Dozens of people wrote their dreams on construction-paper hands and taped them to a wall in the Blackhawk Technical College commons.
Many dreams were frivolous, such as unlimited ice cream and a pet unicorn. Others were more serious.
“I dream for my uncle to be a U.S citizen.”
“I dream to stop North Korean missiles.”
Most appeared to have been written by children.
The dream hands were a backdrop for the Martin Luther King Jr. commemoration held Saturday at BTC. The event marks 50 years since King’s assassination.
The theme of the event was “A Dream Deferred,” a reference to Langston Hughes’ poem “Harlem.”
Student panelists from Beloit Memorial, Craig and Parker high schools shared their dreams to create more inclusive spaces in Beloit and Janesville.
Each panelist shared the recurring feeling of isolation in being the only person of color in a classroom or workplace.
“That’s been every day of my life,” said Parker student Alexis Schumacher.
While acknowledging the world has come a long way since King’s time, there is still a long way to go, the panelists agreed.
Beloit Memorial student Karen Soto recalled the day after the 2016 presidential election, when a peer asked her when she would move back to Mexico. She was shocked to learn the student wasn’t joking.
Schumacher said she regretted not saying something when a student yelled out the “N-word” at her school recently.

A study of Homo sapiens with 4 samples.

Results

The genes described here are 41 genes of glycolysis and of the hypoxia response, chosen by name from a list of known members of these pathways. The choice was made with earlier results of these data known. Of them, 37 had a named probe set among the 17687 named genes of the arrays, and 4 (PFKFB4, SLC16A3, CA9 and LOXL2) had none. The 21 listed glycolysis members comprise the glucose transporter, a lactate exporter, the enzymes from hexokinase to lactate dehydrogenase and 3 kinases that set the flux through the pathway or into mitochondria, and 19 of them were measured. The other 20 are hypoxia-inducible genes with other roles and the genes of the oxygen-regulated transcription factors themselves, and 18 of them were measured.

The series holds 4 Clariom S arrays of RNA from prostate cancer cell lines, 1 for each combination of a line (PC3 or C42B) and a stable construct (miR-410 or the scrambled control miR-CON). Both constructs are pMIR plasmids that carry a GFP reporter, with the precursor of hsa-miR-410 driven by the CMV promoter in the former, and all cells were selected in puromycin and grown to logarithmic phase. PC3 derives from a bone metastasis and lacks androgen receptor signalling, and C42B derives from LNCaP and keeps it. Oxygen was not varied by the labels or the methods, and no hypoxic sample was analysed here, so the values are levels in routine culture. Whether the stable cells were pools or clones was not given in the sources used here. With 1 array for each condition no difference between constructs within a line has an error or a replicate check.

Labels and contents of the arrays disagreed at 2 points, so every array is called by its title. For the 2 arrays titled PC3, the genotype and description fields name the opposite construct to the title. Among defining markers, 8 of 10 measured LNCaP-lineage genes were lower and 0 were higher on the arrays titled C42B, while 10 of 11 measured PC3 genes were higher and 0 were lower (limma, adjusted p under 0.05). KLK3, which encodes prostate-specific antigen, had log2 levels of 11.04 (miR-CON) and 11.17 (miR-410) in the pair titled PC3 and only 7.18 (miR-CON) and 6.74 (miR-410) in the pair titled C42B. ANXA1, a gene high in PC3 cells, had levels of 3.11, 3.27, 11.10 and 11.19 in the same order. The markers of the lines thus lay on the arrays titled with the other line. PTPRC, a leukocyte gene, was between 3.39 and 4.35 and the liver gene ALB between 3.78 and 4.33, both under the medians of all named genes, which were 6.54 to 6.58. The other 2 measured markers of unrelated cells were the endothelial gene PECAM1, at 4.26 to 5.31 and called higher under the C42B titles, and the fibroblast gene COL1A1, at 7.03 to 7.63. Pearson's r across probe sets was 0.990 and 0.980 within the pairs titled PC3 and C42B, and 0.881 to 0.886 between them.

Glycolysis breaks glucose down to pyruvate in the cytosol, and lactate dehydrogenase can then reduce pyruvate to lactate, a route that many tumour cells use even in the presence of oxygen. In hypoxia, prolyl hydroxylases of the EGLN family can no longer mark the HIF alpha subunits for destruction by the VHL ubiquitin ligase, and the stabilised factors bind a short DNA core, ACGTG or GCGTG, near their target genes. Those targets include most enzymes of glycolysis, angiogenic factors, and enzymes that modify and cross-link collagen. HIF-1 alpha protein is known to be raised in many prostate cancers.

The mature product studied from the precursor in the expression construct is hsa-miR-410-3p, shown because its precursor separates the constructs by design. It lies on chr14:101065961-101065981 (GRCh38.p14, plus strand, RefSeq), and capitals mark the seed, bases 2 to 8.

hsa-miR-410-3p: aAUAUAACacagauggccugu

Schumacher and Soto encouraged the crowd to tackle difficult conversations about race and prejudice with open minds.
“Kill them with kindness,” Soto said.
Craig students Bria Larson, Zachary Russell and Ama Kyereme were involved in a video project with their teacher, Carrie Wyatt. The video “50 Years: Keep Moving Forward” featured student interviews with Wisconsinites who marched with King and fellow civil rights activist Cesar Chavez.
Kyereme described the experience simply as “humbling.” She learned that elders could teach her more about history than she could learn in textbooks.
While accepting one of two United Auto Workers Local 95 Martin Luther King Jr. Civil Rights Service Awards, Lonnie Brigham said that, as a child, his elders taught him that life runs in circles.
Growing up on the streets of Chicago, Brigham grew to dislike police officers, he said. As a paralegal, he worked on lawsuits against officers.
Now he is president of the African-American Liaison Committee to the Janesville Police Department and is a member of the JPD oral interview board involved in hiring new officers. That’s what he considers as coming around full circle.
He saw another circle completed during a recent committee meeting, he said.
He referred to the King quote:
“I have a dream that one day on the red hills of Georgia, the sons of former slaves and the sons of former slave owners will be able to sit together at the table of brotherhood.”
At the meeting, a man told Brigham he was the son of a slave owner and apologized for that fact. That same man was seated at the table with Brigham on Saturday.
That experience, Brigham said, is what Martin Luther King Jr. was all about.